Feb. 11, 2020

 

                                                           

House OKs McNamara bill that would allow school districts to raise funds for field trips, dances, activities

 

STATE HOUSE — The House of Representatives today passed legislation introduced by Rep. Joseph M. McNamara (D-Dist. 19, Warwick, Cranston) that would allow school districts to raise the money necessary to fund certain extracurricular activities, including field trips and dances.

The legislation (2020-H 7069A) would allow a school district to request a contribution of money from a student or the student’s parent or legal guardian to pay, in whole or in part, for the cost of district sponsored field trips, dances, clubs, and other district sponsored or based programs of extracurricular activities, provided that the district would pay the costs to meet any deficit.

“Field trips are an important part of learning, enriching the curriculum, strengthening observation skills by immersing children into sensory activities,” said Representative McNamara, a former educator who chairs the House Health, Education and Welfare Committee. “The current policy of the Department of Education regarding the way these activities can be funded has caused many school districts to do away with field trips entirely. That’s just unacceptable, because they are vital in increasing a child’s knowledge of specific subjects, even generating the interest, enthusiasm and passion for subjects that will remain with them for the rest of their lives.”

Last year, many school districts canceled field trips in the wake of a Rhode Island Department of Education policy that was established in April by the former commissioner, Dr. Ken Wagner. The policy stated that school departments may not charge students to participate in public school field trips. Since it was interpreted that no fund raising could be done for these trips either, the policy effectively eliminated the field trips in many places.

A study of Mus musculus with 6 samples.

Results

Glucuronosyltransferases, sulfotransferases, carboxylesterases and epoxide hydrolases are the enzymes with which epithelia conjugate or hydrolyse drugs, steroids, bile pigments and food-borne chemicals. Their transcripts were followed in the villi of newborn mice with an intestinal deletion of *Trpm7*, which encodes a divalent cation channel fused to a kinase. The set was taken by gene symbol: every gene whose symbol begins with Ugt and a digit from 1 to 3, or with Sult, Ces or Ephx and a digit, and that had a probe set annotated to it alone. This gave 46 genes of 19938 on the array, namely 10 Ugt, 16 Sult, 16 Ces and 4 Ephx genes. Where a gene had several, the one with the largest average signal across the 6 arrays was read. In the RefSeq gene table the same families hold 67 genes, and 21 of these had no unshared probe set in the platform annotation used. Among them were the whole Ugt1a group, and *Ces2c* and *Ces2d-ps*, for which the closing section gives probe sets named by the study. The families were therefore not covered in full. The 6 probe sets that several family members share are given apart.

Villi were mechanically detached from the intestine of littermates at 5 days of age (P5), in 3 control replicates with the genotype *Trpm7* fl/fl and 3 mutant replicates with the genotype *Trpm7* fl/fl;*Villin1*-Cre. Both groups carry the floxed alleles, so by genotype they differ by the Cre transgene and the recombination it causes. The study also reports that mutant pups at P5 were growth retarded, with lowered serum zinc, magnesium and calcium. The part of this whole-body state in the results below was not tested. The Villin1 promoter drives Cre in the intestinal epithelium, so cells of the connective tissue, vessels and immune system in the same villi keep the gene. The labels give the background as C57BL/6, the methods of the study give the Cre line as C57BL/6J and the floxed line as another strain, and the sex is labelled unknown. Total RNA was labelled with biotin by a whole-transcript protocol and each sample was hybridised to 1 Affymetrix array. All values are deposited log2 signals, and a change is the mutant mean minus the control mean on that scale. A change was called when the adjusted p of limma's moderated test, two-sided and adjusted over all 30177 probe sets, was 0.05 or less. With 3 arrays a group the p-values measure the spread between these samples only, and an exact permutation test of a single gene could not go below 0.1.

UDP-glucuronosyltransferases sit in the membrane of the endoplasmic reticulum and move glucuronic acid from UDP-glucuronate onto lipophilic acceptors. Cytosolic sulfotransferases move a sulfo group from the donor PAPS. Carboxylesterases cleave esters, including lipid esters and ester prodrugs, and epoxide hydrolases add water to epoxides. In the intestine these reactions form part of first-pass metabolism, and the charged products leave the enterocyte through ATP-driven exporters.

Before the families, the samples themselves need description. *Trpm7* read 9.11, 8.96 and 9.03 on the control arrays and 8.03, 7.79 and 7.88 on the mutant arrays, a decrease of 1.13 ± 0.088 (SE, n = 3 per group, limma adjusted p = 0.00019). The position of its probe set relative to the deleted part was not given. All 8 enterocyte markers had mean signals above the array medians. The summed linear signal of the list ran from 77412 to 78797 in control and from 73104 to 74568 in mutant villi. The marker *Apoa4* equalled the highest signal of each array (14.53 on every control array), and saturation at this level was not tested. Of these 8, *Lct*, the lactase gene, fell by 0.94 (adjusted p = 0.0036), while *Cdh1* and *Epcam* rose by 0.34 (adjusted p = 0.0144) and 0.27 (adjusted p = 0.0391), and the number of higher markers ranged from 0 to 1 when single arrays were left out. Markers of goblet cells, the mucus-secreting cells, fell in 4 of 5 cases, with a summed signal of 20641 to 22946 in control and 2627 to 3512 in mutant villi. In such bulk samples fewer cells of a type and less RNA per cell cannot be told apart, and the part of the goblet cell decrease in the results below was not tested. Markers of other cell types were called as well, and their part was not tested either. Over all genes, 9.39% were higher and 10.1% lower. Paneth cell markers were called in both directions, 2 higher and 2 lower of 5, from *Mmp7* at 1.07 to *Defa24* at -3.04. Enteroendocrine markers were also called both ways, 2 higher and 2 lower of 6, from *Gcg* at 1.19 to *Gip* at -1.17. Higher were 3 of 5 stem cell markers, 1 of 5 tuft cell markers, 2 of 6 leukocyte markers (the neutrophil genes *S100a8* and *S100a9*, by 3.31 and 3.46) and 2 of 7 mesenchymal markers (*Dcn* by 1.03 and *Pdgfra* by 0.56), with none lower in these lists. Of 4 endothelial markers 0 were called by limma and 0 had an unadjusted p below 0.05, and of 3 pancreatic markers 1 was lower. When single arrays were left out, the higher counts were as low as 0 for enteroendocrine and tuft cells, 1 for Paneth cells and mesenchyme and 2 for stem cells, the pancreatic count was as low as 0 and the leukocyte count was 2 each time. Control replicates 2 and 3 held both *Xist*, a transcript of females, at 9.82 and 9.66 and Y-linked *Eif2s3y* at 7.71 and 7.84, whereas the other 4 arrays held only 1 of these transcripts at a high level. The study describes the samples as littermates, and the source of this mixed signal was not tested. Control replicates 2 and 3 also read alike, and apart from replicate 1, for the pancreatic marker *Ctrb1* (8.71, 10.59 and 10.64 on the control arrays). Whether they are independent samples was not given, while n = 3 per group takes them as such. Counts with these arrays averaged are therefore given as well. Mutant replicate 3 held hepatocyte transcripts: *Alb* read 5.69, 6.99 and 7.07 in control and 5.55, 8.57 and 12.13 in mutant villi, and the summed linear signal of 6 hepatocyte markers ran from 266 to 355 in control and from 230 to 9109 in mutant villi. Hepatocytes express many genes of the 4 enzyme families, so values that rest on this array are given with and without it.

The legislation proposed by Representative McNamara with the support of House leadership would codify the ability of school districts to request money, establish a minimum goal for fundraising and to receive contributions or gifts of money as a prerequisite to determining whether the district would participate in the activity.

The measure now moves to the Senate, where similar legislation (2020-S 2327) has been introduced by Sen. Hanna M. Gallo (D-Dist. 27, Cranston, West Warwick).

 

 

-30-

 

For an electronic version of this and all press releases published by the Legislative Press and Public Information Bureau, please visit our Web site at www.rilegislature.gov/pressrelease.

 

 

 

 

 

 

 

 

 

 

 

 

 

The nation's top health official is easing fears about the coronavirus. At a White House event, Health Secretary Alex Azar said most Americans have little to worry about when it comes to the outbreak of the deadly respiratory disease. Azar also praised President Trump for taking quick action to prevent the disease from spreading in the U.S.       The week keeps getting worse on Wall Street. The Dow Jones Industrial Average suffered the single biggest point drop in history, falling nearly 12-hundred points. Investors are still rattled by the toll of the coronavirus outbreak on the world economy.        A new report claims Michael Bloomberg offered former Democratic presidential candidate Andrew Yang a big position in his campaign. The Wall Street Journal says Bloomberg told Yang he could be his vice presidential running mate if he endorsed the former New York City mayor. Yang dropped out of the race after the Iowa caucuses.        The federal government says USC ignored sexual abuse complaints against a campus doctor. The Eduction Department says the college mishandled reports against George Tyndall. He worked as a gynecologist until 2016 and allegedly had 200-plus revealing photos of patients in his office.        The FCC is planning to hit four mobile phone providers with 200-million-dollars in fines. AT&T, Verizon, Sprint and T-Mobile are accused of improperly disclosing user location data in violation of federal law. A website flaw apparently allowed customers' locations to be tracked by third-party firms in real-time.       'Fetch!' is finally happening. The 2004 cult-classic, "Mean Girls," is getting its own pop-up restaurant in Santa Monica. Menu items will include boozy choices like the Too Gay to Function Fishbowl and the Spiked Glen Coco.